Nov. 02–With harvest restrictions in place for Clearwater River B-run steelhead this year, state fisheries managers are hearing complaints from some anglers about a tribal gill net harvest in the lower Snake River.
But fisheries officials for the Nez Perce Tribe said they are closely monitoring harvest, and the gill net fishery won’t prevent Clearwater River hatcheries from meeting their spawning goals. Fisheries managers from Idaho and Washington agree there is a limited number of steelhead available for tribal harvest without affecting hatchery needs.
Just like it has done for the past several years, the Nez Perce Tribe authorized a gill net fishing season that targets fall chinook, coho and steelhead on the Snake and Clearwater rivers this fall. The seasons were controversial when first implemented in 2006, but were quickly accepted and have occurred with little fanfare in the ensuing years.
But this is not a normal year for steelhead. The B-run has come in much lower than expected; so low, in fact, that fisheries managers feared sport anglers would catch too many and cut into broodstock — the number of fish that Dworshak National Fish Hatchery needs to produce the next generation. The tribe is a co-manager of the hatchery with the U.S. Fish and Wildlife Service.
To help protect broodstock, Idaho implemented an emergency rule that cut bag limits from two hatchery fish per day to one on the Clearwater River and its tributaries. In addition, the state is allowing anglers fishing between Orofino and the mouth of the Clearwater River to only keep jacks — B-run steelhead that are no longer than 28 inches.
Fisheries managers from the tribe, Idaho and Washington are meeting weekly to share harvest data and to update the strength of the run.
“The broodstock needs look to be achievable given the tribe’s status quo harvest (including gill net fishing) predicted numbers returning, and the states’ management action on their fisheries,” said Joe Oatman, harvest director for the tribe’s Department of Fisheries Resource Management, in an email to the Tribune.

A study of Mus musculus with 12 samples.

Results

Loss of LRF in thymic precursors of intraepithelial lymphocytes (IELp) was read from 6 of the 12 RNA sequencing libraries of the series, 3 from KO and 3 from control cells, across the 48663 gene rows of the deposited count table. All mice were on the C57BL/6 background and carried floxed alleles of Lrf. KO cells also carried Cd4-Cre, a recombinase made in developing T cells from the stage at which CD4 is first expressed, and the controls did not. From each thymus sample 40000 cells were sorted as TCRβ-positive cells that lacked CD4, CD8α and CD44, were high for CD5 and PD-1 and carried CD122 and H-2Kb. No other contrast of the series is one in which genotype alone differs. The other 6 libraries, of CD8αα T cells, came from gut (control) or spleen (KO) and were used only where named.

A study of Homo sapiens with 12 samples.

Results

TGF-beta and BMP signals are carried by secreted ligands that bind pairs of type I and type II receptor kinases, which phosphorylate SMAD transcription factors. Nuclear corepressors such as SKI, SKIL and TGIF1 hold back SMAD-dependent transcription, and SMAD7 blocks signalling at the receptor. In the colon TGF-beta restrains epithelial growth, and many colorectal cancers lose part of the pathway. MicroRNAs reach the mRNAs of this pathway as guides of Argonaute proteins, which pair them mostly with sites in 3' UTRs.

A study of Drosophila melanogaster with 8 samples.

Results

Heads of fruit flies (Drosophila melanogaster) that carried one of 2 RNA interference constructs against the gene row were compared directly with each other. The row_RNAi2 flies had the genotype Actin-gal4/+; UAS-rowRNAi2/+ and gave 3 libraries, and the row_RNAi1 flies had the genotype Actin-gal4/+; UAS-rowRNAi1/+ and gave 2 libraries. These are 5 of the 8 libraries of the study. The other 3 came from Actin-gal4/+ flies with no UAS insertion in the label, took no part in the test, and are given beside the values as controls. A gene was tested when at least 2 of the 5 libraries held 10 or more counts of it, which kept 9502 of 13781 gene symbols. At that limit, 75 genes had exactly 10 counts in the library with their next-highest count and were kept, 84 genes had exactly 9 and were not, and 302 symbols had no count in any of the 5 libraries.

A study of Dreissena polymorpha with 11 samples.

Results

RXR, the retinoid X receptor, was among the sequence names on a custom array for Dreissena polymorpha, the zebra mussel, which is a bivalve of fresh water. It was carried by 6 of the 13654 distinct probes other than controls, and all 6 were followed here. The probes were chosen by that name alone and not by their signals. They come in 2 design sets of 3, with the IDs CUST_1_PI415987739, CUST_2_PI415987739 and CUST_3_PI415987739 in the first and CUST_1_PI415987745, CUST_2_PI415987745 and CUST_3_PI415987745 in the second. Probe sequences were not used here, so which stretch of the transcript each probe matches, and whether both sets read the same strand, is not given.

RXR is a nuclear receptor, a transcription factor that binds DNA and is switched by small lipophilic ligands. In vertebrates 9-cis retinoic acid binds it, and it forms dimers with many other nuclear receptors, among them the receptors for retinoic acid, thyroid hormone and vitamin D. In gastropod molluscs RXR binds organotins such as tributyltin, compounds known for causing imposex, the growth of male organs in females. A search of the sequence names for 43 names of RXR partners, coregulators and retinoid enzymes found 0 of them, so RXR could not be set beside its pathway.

By court precedent, harvest is split evenly between tribal and nontribal anglers. But Oatman said nontribal anglers typically catch far more steelhead than do tribal fishermen.
Joe DuPont, regional fisheries manager for the Idaho Department of Fish and Game, agreed and said the harvest take is why the state felt the need to implement restrictions. Many thousands of anglers are licensed by Idaho and Washington each year and nontribal harvest can number in the tens of thousands for the entire Snake River basin. The tribe typically catches about 2,500 steelhead, with only a small percentage of those being B-run fish.
“We have a potential to get way more fish than they do just because of the sheer numbers of anglers,” DuPont said. “We have to make restrictions because of that, whereas the tribe might not have to make any restrictions.”
DuPont said the latest information indicates broodstock can be met with as few as 1,500 fish. About 200 to 300 will be collected on the South Fork of the Clearwater River. The remaining 1,200 to 1,300 will return to Dworshak and Kooskia hatcheries. About 2,000 B-run fish are expected to return to hatcheries this year, leaving several hundred available for harvest.
DuPont said the surplus is too small for the state to change its lowered bag limits.
The tribe, according to Oatman, has issued seven gill net permits this season and tribal anglers have caught 254 steelhead so far from the Snake River between Lower Granite Dam and the mouth of the Clearwater River. A small percentage of those fish were likely bound for the Clearwater River, he said.
Nontribal anglers fishing in the Snake River can also harvest Clearwater-bound fish, regardless of size. Glen Mendel, district fish biologist for the Washington Department of Fish and Wildlife at Dayton, said his agency will consider implementing restrictions to protect B-run fish if Idaho believes it is necessary. However, he said anglers fishing between Lower Granite Dam and the mouth of the Clearwater River typically don’t catch very many B-run fish.